Orioles slink to Seattle

May 09, 1991|By Jim Henneman | Jim Henneman,Evening Sun Staff

OAKLAND -- It hurt too much to laugh or cry, but at least Mark Williamson could muster a smile. Not that it was easy.

"I'm trying to keep a good frame of mind about it," Williamson said after his ego and ERA were equally bruised in the Orioles' 9-3 loss to Oakland here yesterday. "I was trying to do the right things -- I just didn't get the ball in the right places."

In the two games against the A's, the ball rarely ended up in the right place for the Orioles. It usually ended up on the other side of the fence, sending many runners in motion.

The Orioles gave up 20 runs in the two games -- eight more than they surrendered in four games against California. They can spend today licking their wounds before their next game, tomorrow night in Seattle.

Williamson's effort here yesterday seemed to typify the season to date.

Usually reliable, always resilient, Williamson has been a durable bullpen workhorse. But yesterday he would've had more luck pitching batting practice.

He faced four batters and pitched for the cycle -- a single (Jose Canseco), double (Terry Steinbach), triple (Willie Wilson) and home run (Mark McGwire). Undoubtedly this had to be a first, right? Wrong.

"It's the second time," Williamson admitted wryly. "I did it against these guys here once before."

Not, however, against only four hitters.

"No," said Williamson, slowly shaking his head. "Four hitters . . . that's pretty impressive.

"I don't know what it is about this ballpark, I just never really pitch well here."

The team that wears the white, green and gold home uniforms might have something to do with it, but it went beyond that for Williamson yesterday. "I had Canseco 0-and-2 and all I'm thinking is throw the heater [fastball] in -- and it goes down and away.

"McGwire, you can't throw him anything down over the inner half of the plate, so I go low and away and the wind takes the ball right back to him. I was looking for somebody to remove the magnet."

You get the picture -- the Orioles are giving a new baseball meaning to the word ugly.

When manager Frank Robinson was asked what was wrong with his team, he got that glazed look in his eyes. "That's the easiest question I've ever had to answer," he said.

"We aren't hitting, and we aren't pitching. Other than that, everything is fine."

But it is a lot deeper than that, more like a Catch-22 situation. It's a lot easier to pitch with a lead -- and a lot easier to hit when the score is not already out of reach.

Right now the Orioles can't seem to avoid either situation. "Too many big innings are taking us out of games before the sixth inning," said Robinson.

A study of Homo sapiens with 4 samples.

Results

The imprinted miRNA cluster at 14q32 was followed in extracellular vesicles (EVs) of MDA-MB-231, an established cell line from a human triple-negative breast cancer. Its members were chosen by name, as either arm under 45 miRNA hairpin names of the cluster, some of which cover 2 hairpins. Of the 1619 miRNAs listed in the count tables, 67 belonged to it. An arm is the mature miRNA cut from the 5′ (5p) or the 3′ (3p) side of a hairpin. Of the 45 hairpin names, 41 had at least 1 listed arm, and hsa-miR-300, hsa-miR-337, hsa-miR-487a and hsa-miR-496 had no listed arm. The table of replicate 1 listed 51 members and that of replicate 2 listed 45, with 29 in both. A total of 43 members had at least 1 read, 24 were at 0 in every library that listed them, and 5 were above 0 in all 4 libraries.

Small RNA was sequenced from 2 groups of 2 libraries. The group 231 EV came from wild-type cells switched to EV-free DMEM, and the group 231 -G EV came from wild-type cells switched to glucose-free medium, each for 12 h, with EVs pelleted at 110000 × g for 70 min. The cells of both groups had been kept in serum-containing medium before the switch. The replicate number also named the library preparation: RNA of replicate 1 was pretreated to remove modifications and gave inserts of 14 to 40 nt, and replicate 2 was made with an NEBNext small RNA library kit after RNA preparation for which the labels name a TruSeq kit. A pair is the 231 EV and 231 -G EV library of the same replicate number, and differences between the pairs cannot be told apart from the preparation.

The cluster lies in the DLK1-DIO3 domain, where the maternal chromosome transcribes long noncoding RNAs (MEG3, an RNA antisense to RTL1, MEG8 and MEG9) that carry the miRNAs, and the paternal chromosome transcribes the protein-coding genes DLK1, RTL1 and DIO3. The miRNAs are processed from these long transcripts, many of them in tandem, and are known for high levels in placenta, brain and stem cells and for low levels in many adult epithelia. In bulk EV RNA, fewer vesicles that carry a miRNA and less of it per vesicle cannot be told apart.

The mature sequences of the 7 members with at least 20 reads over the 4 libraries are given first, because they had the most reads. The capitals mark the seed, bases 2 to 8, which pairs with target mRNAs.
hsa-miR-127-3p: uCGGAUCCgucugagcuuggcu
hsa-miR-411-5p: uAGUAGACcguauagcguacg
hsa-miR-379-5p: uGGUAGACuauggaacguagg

He's right about that. Two nights ago the A's scored four runs in the first inning. Yesterday they started with three, then doubled that total in the fifth inning.

The combined score for the two games: 20-6.

Yesterday Mike Flanagan, on a day's notice, made his first start of the year and the veteran lefthander bore the brunt of the A's attack along with Williamson. When the carnage was over, both pitchers, without attempting to excuse their performances, had similar thoughts.

"Sometimes you've got to be luckier than good," said Flanagan. "The first ball is on the chalk [Rickey Henderson's leadoff double on the leftfield line], then there's a bunt [for a single by Dave Henderson] and a bad pitch."

Presto: A's 3, O's 0.

"I didn't feel real good in the first inning," admitted Flanagan, "but after that I was fine. I could've continued if necessary."

If possible would be a better description for Flanagan, who hasn't pitched more than five innings in a league game since 1989. The A's defense thwarted the Orioles' big chance to recover, just as it had done the night before, and Rickey Henderson's leadoff homer in the fifth made it 4-0. When Dave Henderson followed with a single, Robinson's only choice in an effort to stay close was to summons Williamson.

Unfortunately for the Orioles, the only thing Williamson could contribute was his pitching-for-the-cycle act, which removed any doubts about the outcome.

"Right now we can't catch a break," said Williamson, doing his best to remain upbeat. "We've been hitting the ball well lately, which is a good sign. Before we weren't doing that, but now we are -- we just need to get a few more through."

Two nights ago, with the score 6-1, Mike Gallego made an excellent play to rob Joe Orsulak of a bases-loaded single. Yesterday, with the score 3-0, it was shortstop Walt Weiss who made a leaping catch of a line drive hit by Bob Melvin with the bases loaded.

It is significant to note that the Orioles were already substantially behind -- and there were two outs -- in each instance. But that didn't deter speculation of what might have been.

"If those balls get through we're back in it both times," said Williamson. "It would be nice if a few of the breaks started coming our way."

It could also be pointed out, as the saying goes, that if "ifs and buts were candy and nuts, every day would be Christmas."

At the moment the Orioles have an over-abundance of ifs and buts. And even though today is an off day, it's not a holiday -- and Christmas seems like an awfully long time away.